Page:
A. Name Search
When searching for names, you may enter either a first or last name, or both using the first initial or name followed by the last. The database is not case sensitive and does not recognize commas or periods. Names have been entered exactly as they are printed in the catalogs. Editorial changes were made when typos or obvious errors were made. In some cases accurate spellings could only be guessed at. For example, Jessie Ailshie was assigned the middle initial of "E" in one catalog and "F" in another. In this case his record reads “Jessie F (E) Ailshie.” (However, you are not able to search using a middle initial or name. For example, a search for "Jessie F" will retrieve anyone whose first name is Jessie and has a last name beginning with "F"). Another helpful example is W Conrad Gass. Positive search results are obtained using “W Gass” or just “Gass.” Negative results will occur searching with “W Conrad Gass,” “Conrad Gass,” “Gass W,” or “Conrad.” Also note where alternate spellings were used, as in the case of “Mae” and “May” or “Frances” and “Francis.”
When searching for a name such as "Park," the database will retrieve anyone with a first or last name containing those letters such as Parks, Parker, Parkey, etc.
When married women appear in the catalogs, they have been identified one of two ways. When their first name is known, they will appear as Cates (Mrs), Elizabeth Clark. This will enable you to search by “Cates” or “Elizabeth.” However, when a first name is not known as in the case of “Mrs J B Brooks,” one would have to search by “Mrs.” In cases where a first name and maiden name are known as in the case of Mrs. Viola Williams Elder, a sophomore in the summer of 1939, previous information can be found under Viola Williams.
In some cases, a best guess has been made as to whether two identical names are the same person. Typically years of attendance and level of study will indicate separate identities, but in a case such as Lyle Rankin of Jefferson City, TN (1933-34 Special, 1942-43 Freshman) it is sometimes hard to tell.
B. Years of Attendance
To find out when an individual was at Carson-Newman, you may enter a year between 1856 and 1950. If you want to search by decade, enter the first 3 numbers of the decade in the Year field. For example, to search the 1890's, enter “189".
You may also search by “summer” for any summer school sessions attended. This search will only pull up records where the first year of attendance is listed, such as “Summer 1935.”
C. Course of Study
In most cases the field of study will be listed as Preparatory, Special, Freshman, Sophomore, Junior, Senior, or Summer School. In other cases the discipline will be listed as Voice, Piano, Expression, or as a graduate in that field such as Voice Graduate, Piano Graduate, Expression Graduate, etc. Where a specific type of degree was earned such as a B.A. or B.S. this has been noted.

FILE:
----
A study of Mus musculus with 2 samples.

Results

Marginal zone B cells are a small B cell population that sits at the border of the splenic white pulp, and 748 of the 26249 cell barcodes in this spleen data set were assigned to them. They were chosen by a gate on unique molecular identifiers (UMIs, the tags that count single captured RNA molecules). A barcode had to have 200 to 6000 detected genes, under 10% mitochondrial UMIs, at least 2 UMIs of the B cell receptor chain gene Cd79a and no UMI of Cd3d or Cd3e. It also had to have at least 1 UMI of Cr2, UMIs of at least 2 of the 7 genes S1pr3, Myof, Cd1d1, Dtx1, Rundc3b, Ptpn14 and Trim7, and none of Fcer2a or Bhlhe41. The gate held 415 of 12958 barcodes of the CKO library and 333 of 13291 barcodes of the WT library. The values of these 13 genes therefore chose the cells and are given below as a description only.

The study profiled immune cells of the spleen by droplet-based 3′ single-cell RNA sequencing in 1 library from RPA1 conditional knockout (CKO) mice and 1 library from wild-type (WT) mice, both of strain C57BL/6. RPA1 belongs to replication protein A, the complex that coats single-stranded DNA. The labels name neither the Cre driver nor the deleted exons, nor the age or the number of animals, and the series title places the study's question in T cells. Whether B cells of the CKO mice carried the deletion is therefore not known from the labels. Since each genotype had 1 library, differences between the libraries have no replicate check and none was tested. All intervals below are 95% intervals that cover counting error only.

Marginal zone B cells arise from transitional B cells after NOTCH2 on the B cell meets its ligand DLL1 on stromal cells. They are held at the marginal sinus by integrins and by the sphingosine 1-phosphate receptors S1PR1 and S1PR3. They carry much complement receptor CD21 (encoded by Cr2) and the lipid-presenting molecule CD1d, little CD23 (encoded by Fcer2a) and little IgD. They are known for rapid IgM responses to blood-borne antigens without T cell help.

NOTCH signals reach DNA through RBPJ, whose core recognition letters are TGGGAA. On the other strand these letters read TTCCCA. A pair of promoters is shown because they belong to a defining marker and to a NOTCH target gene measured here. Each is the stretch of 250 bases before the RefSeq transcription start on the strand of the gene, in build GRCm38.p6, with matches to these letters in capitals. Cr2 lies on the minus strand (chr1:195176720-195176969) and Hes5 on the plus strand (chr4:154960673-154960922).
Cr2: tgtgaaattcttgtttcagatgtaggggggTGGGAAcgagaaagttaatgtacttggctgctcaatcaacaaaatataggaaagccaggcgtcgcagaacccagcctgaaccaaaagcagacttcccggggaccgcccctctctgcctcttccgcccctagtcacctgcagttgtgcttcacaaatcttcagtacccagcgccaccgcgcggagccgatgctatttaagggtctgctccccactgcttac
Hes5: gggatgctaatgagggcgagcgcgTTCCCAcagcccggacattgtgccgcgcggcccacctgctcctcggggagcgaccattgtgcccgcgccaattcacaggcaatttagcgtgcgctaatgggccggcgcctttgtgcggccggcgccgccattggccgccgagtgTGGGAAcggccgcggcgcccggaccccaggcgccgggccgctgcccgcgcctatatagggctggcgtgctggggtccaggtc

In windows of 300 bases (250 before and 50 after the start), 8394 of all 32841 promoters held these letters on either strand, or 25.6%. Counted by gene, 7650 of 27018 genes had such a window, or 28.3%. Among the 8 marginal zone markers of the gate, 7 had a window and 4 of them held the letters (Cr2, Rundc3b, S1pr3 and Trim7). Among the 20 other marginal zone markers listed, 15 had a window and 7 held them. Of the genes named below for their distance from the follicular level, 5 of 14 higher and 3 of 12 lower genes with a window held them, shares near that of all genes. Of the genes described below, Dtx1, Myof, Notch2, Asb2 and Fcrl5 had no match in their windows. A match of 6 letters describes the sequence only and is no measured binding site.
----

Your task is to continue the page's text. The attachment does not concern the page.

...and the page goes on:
Where multiple degrees or courses were taken in a given year, these will be separated by a “/.” Each year’s work is separated by commas. By looking at the years attended (which are also separated by commas) one can determine what a student took or their class designation during that time period.
At times there may appear to be discrepancies in a student’s record. For example, in the case of Elizabeth McMurray, her record shows that in the summer of 1934 she was a freshman, a junior at the end of 1934-35, a senior in the summer of 1935, but then she is listed as a junior for the summer of 1936. The Alumni Directory shows she actually graduated in 1937. These discrepancies are not always explainable but can possibly be typos, etc. within the catalogs.
During World War II Carson-Newman played host to a Navy V-12 officer training program. The names of those participating were included in the 1943-44 bulletin. Their course of study is listed as “Apprentice Seaman.”
D. Home Town / County / State
When searching by city, county, or state, simply type the desired city or county name or state abbreviation in the appropriate search box. Only one term may be used though, and not city or county with state abbreviation. For instance, “Jefferson City” or “TN” will yield positive search results but “Jefferson City, TN” will not.
If an individual lived in multiple cities within the same state, their record will show the city mentioned first in the catalogs followed by other cities lived in and separated by a comma. For example, Mollie Lee’s record reads as follows: “Mossy Creek, Knoxville, TN.”
In the case of W M Anderson who lived in multiple states, the first city mentioned (Waco) corresponds to the state listed at the end of the field (KY). (This is due to a feature in the database's original construction). Other cities lived in are listed in between with corresponding states’ abbreviations in parentheses. The record thus reads: “Waco, Mossy Creek (TN), Crab Orchard (KY), KY."
In the case of Tomas Andrew Gross, the catalogs provide more limited information. Listed as being from Birchwood, Tennessee, he is later mentioned as being from Oklahoma with no city or town given. His record reads: "Birchwood, Oklahoma, TN."
If you have any questions or corrections, please contact us at email@example.com. We hope this will provide an effective reference tool when researching former Carson-Newman students.